Culture

I Gave Cocaine Testing Kits to Famous People at the Logies

Some celebrities were thrilled; others were concerned I'd ruin their careers.

by Joe Patterson
02 July 2019, 6:37am

All images by the author

For absolutely everyone on Australian television, as well as some people who watch Australian television, the Logies is the event of the year. It’s our very own version of the Oscars; all golden and puffy and expensive-looking, but somehow a bit 80s, as though its organisers still get misty-eyed thinking about Kylie Minogue's wedding on Neighbours.

The other thing about the Logies, aside from all the parochial glamour, is the cocaine. There’s a lot of cocaine at the Logies, and we know this because lots of celebrities joke about it. Actor Samuel Johnson once even admitted he’d skipped the Logies after-party because he didn’t need to be “doing blow with all the Home and Away cast.”

But most people would love to do blow with the Home and Away cast—or, at the very least, to hear about what it’s like to do blow with the Home and Away cast. But unfortunately it’s all just jokes and innuendo. No celebrity has ever just come out and said exactly what it’s like to do rails at the Logies.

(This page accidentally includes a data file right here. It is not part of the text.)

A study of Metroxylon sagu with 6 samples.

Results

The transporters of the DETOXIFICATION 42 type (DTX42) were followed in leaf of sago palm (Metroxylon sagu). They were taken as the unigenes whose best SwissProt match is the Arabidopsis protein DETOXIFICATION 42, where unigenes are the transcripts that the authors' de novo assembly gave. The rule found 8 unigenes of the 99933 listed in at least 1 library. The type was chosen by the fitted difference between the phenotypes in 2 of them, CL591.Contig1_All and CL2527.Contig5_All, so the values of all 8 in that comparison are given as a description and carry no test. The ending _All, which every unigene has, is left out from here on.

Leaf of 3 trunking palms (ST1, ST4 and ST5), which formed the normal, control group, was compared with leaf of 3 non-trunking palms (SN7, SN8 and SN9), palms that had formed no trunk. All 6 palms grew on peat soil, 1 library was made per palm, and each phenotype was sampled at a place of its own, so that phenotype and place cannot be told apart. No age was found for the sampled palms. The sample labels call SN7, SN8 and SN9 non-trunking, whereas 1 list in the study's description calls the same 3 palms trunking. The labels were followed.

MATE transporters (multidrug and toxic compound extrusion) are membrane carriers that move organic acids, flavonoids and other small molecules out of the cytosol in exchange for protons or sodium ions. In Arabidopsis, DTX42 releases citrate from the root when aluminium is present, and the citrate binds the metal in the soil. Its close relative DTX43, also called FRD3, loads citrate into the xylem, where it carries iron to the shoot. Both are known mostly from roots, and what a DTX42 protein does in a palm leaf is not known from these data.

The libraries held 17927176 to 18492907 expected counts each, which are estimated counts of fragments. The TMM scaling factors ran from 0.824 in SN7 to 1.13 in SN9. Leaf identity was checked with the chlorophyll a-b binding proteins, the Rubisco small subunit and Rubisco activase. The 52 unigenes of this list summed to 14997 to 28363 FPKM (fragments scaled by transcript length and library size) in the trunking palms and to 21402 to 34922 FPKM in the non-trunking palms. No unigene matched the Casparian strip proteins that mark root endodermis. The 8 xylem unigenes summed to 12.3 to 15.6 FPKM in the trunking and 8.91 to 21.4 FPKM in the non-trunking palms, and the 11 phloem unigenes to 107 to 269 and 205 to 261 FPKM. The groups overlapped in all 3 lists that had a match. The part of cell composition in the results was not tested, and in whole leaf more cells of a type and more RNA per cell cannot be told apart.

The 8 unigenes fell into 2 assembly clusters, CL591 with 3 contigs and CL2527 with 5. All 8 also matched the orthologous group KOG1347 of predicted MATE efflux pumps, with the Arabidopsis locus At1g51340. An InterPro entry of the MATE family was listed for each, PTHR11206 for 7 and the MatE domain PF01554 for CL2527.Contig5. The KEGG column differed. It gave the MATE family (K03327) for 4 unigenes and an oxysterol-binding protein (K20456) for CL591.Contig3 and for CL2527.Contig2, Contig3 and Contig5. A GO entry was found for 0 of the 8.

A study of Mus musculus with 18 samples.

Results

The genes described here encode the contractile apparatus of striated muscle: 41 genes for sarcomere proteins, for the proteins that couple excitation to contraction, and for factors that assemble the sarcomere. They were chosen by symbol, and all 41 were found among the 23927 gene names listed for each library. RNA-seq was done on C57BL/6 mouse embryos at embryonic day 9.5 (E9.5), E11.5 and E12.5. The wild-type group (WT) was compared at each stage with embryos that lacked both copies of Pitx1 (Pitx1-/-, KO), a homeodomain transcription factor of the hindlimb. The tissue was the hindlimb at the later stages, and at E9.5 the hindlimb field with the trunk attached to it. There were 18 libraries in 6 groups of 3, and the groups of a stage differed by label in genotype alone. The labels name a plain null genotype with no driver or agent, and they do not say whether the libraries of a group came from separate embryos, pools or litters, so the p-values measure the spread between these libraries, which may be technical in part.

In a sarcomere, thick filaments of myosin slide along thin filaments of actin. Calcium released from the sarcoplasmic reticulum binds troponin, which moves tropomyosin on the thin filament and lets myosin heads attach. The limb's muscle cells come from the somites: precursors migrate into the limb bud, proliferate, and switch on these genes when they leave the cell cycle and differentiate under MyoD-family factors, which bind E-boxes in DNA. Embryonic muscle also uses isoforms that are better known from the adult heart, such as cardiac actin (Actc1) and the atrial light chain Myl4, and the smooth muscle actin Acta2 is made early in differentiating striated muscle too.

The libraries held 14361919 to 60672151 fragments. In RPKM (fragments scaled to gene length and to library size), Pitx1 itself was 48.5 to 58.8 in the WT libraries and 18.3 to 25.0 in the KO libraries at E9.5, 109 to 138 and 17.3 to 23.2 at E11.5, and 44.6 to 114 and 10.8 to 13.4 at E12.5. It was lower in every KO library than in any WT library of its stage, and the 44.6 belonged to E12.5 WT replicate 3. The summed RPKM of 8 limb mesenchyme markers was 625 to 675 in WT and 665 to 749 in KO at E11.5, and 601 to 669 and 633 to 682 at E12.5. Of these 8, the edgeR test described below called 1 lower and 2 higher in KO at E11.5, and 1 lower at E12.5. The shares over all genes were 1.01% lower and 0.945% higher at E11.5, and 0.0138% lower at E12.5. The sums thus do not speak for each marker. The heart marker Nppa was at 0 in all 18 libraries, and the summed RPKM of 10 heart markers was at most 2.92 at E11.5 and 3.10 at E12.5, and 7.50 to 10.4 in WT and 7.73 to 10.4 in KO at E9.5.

Cocaine purity testing kits are basically just small test tubes full of chemicals. When a small dose of coke is placed inside, the chemicals change colour, providing a pretty clear indication of how strong your gear is.


There, wedged between a crowd of cameramen, journalists, and producers, I slowly came to terms with just how badly my coke mission could go. Trying to speak to a high profile guest about drugs could ensure I came across as either a cop, or a really keen drug dealer. But I pushed on.


Finally I grabbed the attention of Matt Okine, former presenter at triple j. Not beating around the bush, I asked Matt if the Logies really were as coke-themed as everyone said.


These people, he assured me, are the ones who “get on it.”

I handed Matt a kit and asked him to enjoy himself. “Oh, thank you,” he said—then, after a fleeting moment, put the kit back in my hands. “I can’t take this man. I have a kid now.”


Regardless, I handed him the kit as a gesture of good faith. “You shouldn’t have!” he gushed, then hurried away.

Throughout the evening a surreal mix of celebrities briefly stopped to ignore me. Hamish and Andy, Delta Goodrem, Sam Neil: they all stopped for 15 seconds to speak with representatives of the larger media outlets nearby, and then moved on.



I wished Tom luck and sent him on his way with a brand new purity testing kit, which he promptly handed to his publicist, whom I saw carrying it about an hour later.

By this point I was none the wiser about who exactly was tucking into those cubicles, and just how good their coke was—but people were doing blow, and I was sure I’d confirmed that much.

As the crowd thinned out, I moved to a bar inside where a few other media people were enjoying a drink. I told them what I had been trying to do, and they laughed, until one of them finally looked at me and said: “Mate, they don’t call it the ‘Coke-ies’ for nothing.”